1. DO have a fundraising plan.
Every campaign, no matter how small, must have a fundraising plan in place that spells out how much money is to be raised, when that money is needed, what it is needed for and how it is going to be raised. In order to fundraise successfully, this plan should be in place before an individual announces his candidacy for office.
2. DO have a fundraising event immediately after announcing.
Unless local custom prevents it, the candidate should have a “kick-of” fundraiser on or shortly after the day she announces her candidacy. Such an event not only injects needed funds to the fledgling campaign, it also tests the fundraising apparatus and gives the campaign momentum.
3. DO ask for more that you think a person (or PAC) can give.
If a donor says “yes” to the candidate’s first pitch, then the candidate has undersold himself (unless that pitch was for the legal maximum the donor could give.) Before asking potential donors or political action committees to contribute, the campaign should decide how much it thinks each person could give. The candidate should then ask the donor to contribute 20% more than that amount. The donor will usually offer to give an amount somewhere in between the two numbers.
4. DO use fundraising networks.
There are two ways to get a donor to contribute to your campaign: you can ask her to donate money herself, or you can ask her to get her contacts to contribute. The successful fundraiser does both. The campaign should encourage donors to set up fundraising networks, with donors asking friends and associates to contribute to the campaign.
5. DO make follow up appeals.
The people most likely to contribute to your campaign are those who have already made a contribution. Donors have an ongoing stake in your success. Candidates should be sure to use this to their advantage by contacting each donor several times throughout the campaign. A good rule of thumb is to contact donors three times during the campaign: once in the beginning, once during the middle, and one final “emergency” appeal near election day. If the campaign keeps donors informed with a newsletter or other “insider information,” they will be even more likely to contribute a second and third time.
6. DON’T have only “big” or “small” events.
The best way to make sure every possible donor contributes is to have both “big ticket” and “small ticket” events. There’s a large pool of donors who will not be able to contribute $500 for your black tie gala, but would be happy to attend a $25 barbecue. Similarly, there are a good number of donors who would not come to a $10 coffee, but would gladly attend a $450 candidate’s night. Be sure to offer events that tap each pool of prospective donors.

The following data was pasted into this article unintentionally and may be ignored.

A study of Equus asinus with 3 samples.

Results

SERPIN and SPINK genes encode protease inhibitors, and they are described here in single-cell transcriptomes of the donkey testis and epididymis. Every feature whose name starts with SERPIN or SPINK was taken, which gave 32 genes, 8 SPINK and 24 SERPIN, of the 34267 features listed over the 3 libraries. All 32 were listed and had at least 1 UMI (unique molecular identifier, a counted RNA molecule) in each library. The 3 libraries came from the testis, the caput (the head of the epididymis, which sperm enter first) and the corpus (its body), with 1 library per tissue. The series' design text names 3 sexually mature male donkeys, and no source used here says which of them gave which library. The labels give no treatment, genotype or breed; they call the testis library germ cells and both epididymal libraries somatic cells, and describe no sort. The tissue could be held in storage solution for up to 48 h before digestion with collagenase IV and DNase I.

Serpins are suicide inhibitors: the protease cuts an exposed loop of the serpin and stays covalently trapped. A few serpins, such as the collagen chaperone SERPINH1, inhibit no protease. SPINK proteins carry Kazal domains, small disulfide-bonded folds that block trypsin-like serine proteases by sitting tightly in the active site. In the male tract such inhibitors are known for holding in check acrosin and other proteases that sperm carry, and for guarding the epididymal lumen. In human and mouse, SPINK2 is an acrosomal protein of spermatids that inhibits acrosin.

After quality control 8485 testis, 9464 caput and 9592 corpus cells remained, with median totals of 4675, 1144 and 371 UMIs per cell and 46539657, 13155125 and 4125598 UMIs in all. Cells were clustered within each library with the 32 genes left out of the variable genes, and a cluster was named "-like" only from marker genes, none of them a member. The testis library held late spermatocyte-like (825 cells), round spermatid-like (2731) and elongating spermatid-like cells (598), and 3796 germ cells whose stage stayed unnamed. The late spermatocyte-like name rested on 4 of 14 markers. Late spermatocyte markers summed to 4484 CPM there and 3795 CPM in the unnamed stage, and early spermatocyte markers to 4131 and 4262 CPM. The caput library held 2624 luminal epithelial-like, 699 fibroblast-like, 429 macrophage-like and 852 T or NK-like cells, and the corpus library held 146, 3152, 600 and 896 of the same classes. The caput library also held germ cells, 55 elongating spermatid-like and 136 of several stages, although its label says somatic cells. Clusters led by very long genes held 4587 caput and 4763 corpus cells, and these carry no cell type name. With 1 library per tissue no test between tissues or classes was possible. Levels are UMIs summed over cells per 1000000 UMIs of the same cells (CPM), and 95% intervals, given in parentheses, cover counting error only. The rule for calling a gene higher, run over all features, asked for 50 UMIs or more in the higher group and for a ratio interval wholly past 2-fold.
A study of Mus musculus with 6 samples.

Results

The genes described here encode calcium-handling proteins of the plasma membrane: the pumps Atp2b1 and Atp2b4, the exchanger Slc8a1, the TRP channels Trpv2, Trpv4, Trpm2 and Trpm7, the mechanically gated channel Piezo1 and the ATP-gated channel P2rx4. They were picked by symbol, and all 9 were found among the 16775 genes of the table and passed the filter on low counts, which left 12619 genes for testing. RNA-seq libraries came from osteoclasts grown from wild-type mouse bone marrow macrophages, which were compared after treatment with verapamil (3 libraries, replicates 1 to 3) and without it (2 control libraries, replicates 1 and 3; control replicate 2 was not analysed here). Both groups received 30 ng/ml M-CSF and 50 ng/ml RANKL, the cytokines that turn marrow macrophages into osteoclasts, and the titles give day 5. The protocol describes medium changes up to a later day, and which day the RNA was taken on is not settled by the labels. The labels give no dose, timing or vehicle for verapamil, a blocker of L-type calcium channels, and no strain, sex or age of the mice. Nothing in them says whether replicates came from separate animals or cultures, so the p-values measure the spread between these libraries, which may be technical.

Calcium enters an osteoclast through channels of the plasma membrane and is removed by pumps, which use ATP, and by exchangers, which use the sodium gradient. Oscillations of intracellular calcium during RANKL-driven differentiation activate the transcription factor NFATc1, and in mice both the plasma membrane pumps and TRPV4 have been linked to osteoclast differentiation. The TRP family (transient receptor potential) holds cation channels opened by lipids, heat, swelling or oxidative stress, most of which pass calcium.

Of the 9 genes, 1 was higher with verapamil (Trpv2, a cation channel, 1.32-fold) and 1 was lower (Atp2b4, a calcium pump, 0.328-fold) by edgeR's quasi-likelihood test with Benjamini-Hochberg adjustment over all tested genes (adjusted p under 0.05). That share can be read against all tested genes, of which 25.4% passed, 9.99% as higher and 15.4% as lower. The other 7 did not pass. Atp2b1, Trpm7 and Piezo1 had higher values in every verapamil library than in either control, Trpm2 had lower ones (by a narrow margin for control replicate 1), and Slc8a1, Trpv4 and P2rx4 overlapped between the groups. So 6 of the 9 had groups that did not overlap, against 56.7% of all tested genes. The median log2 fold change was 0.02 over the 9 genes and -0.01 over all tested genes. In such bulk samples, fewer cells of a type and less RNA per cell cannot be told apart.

7. DON’T have fundraisers on Friday nights.
Unless your local custom provides otherwise, steer clear of Friday night fundraisers. Fridays are when your potential donors are the most tired, most likely to be traveling out of town, and most likely to want to get home as quickly as possible. For events that must be on a weekend night, Saturday is a better choice.
8. DON’T have volunteers or staff make “big ticket” calls.
Having the campaign staff or volunteers make fundraising calls to small donors or for tickets to events is fine, but never have anyone other than the candidate make fundraising calls to big donors. Such “big fish” expect personal contact with the candidate, and will be far less likely to give if anyone but the candidate is the one who contacts them. It is usually O.K. to have staff make follow up calls to big donors who have already given to the campaign.
9. DON’T forget to follow up.
When making fundraising calls to smaller donors, the staff should have “pledge cards” with blanks to fill in the donor’s information and pledged amount. The cards should read something like “Dear _______, thank you for your pledge of $_______ I enjoyed speaking with you on the phone today. Please send a check for the amount to Harrisson for School Board, 123 Main Street.” The campaign can then send these cards out to encourage donors who have not forwarded their pledge to the campaign to do so.
10. DON’T violate the law.
The federal government, all states and even most counties and towns have individual campaign finance laws that spell out who can contribute, how much they may give, what contributions may be spent on, what needs to be reported, etc. Before beginning any fundraising, the campaign must make sure that it understands and is ready to comply with all applicable laws and regulations.